Show Summary Details
Page of

Spinal cord disorders 

Spinal cord disorders
Chapter:
Spinal cord disorders
Author(s):

David Bates

DOI:
10.1093/med/9780198569381.003.0650
Page of

PRINTED FROM OXFORD MEDICINE ONLINE (www.oxfordmedicine.com). © Oxford University Press, 2016. All Rights Reserved. Under the terms of the licence agreement, an individual user may print out a PDF of a single chapter of a title in Oxford Medicine Online for personal use (for details see Privacy Policy and Legal Notice).

date: 20 October 2018

Non-traumatic spinal cord disease may be caused by compression due to tumour, infection or haematoma, inflammation, infection or post-infection, metabolic disturbances, infarction, and degeneration. The diagnosis is often made easier by the clinical assessment: the patient’s age, the speed of onset of the disease, severity of the deficits, the pattern of motor and sensory involvement, and presence of pain and sphincter symptoms are all important in making an assessment of the site and likely nature of the spinal disease.

Investigations are obligatory to confirm a diagnosis and to direct therapy. MRI is the most useful investigation. It has largely replaced myelography which should now only be considered in patients with indwelling cardiac pacing wires. Additional investigations including examination of the cerebrospinal fluid, evoked potentials, and specific blood tests may be required and the value of plain X-rays, CT scan, and, in some instances, angiography should not be overlooked.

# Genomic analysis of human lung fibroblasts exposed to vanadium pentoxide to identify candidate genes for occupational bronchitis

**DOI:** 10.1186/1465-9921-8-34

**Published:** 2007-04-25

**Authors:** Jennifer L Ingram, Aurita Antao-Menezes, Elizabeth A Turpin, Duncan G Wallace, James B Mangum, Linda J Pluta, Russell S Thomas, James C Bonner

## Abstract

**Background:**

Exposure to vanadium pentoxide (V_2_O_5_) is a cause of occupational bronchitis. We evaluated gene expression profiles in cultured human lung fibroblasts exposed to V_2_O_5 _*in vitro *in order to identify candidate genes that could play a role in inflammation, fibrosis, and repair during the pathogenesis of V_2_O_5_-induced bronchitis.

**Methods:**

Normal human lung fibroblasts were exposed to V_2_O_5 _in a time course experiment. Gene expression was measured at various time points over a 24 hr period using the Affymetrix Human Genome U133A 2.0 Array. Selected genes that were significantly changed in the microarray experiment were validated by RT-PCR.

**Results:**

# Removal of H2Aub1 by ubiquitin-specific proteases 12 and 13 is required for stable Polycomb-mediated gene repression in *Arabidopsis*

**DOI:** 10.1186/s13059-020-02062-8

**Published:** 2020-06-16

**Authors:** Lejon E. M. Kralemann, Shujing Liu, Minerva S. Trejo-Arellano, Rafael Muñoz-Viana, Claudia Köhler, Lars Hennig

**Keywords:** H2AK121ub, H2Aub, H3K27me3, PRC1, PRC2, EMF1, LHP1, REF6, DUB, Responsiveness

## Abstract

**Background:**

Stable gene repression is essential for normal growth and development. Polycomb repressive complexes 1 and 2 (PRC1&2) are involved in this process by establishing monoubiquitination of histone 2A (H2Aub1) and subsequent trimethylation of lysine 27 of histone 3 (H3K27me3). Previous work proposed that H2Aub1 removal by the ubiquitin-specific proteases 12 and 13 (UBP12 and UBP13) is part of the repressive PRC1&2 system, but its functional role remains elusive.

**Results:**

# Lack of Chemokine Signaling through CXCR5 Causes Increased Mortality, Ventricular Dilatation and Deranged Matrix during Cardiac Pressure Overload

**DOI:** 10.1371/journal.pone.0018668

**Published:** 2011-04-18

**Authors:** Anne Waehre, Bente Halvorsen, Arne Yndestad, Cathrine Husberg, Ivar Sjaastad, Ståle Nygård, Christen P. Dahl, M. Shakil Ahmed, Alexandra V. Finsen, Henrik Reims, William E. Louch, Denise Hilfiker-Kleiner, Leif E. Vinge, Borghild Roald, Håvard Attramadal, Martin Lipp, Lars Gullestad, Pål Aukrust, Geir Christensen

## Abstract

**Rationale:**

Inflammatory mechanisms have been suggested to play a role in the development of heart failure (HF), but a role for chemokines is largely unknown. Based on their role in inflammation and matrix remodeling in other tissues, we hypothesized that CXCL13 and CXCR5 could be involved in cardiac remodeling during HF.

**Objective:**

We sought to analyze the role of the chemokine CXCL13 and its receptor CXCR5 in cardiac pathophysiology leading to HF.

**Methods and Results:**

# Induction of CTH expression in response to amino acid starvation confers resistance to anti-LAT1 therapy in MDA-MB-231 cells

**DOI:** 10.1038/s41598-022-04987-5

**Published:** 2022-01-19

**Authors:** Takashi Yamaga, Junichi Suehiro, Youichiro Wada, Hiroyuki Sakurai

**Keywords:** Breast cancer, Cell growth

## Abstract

The remainder of this chapter will consider specific disorders, identifying pathology, clinical presentation, investigation, and management. Acute and chronic conditions are considered separately and those affecting the cauda equina, spinal root, and sphincters are considered in Chapter 29.

Access to the complete content on Oxford Medicine Online requires a subscription or purchase. Public users are able to search the site and view the abstracts for each book and chapter without a subscription.

Please subscribe or login to access full text content.

If you have purchased a print title that contains an access token, please see the token for information about how to register your code.

For questions on access or troubleshooting, please check our FAQs, and if you can't find the answer there, please contact us.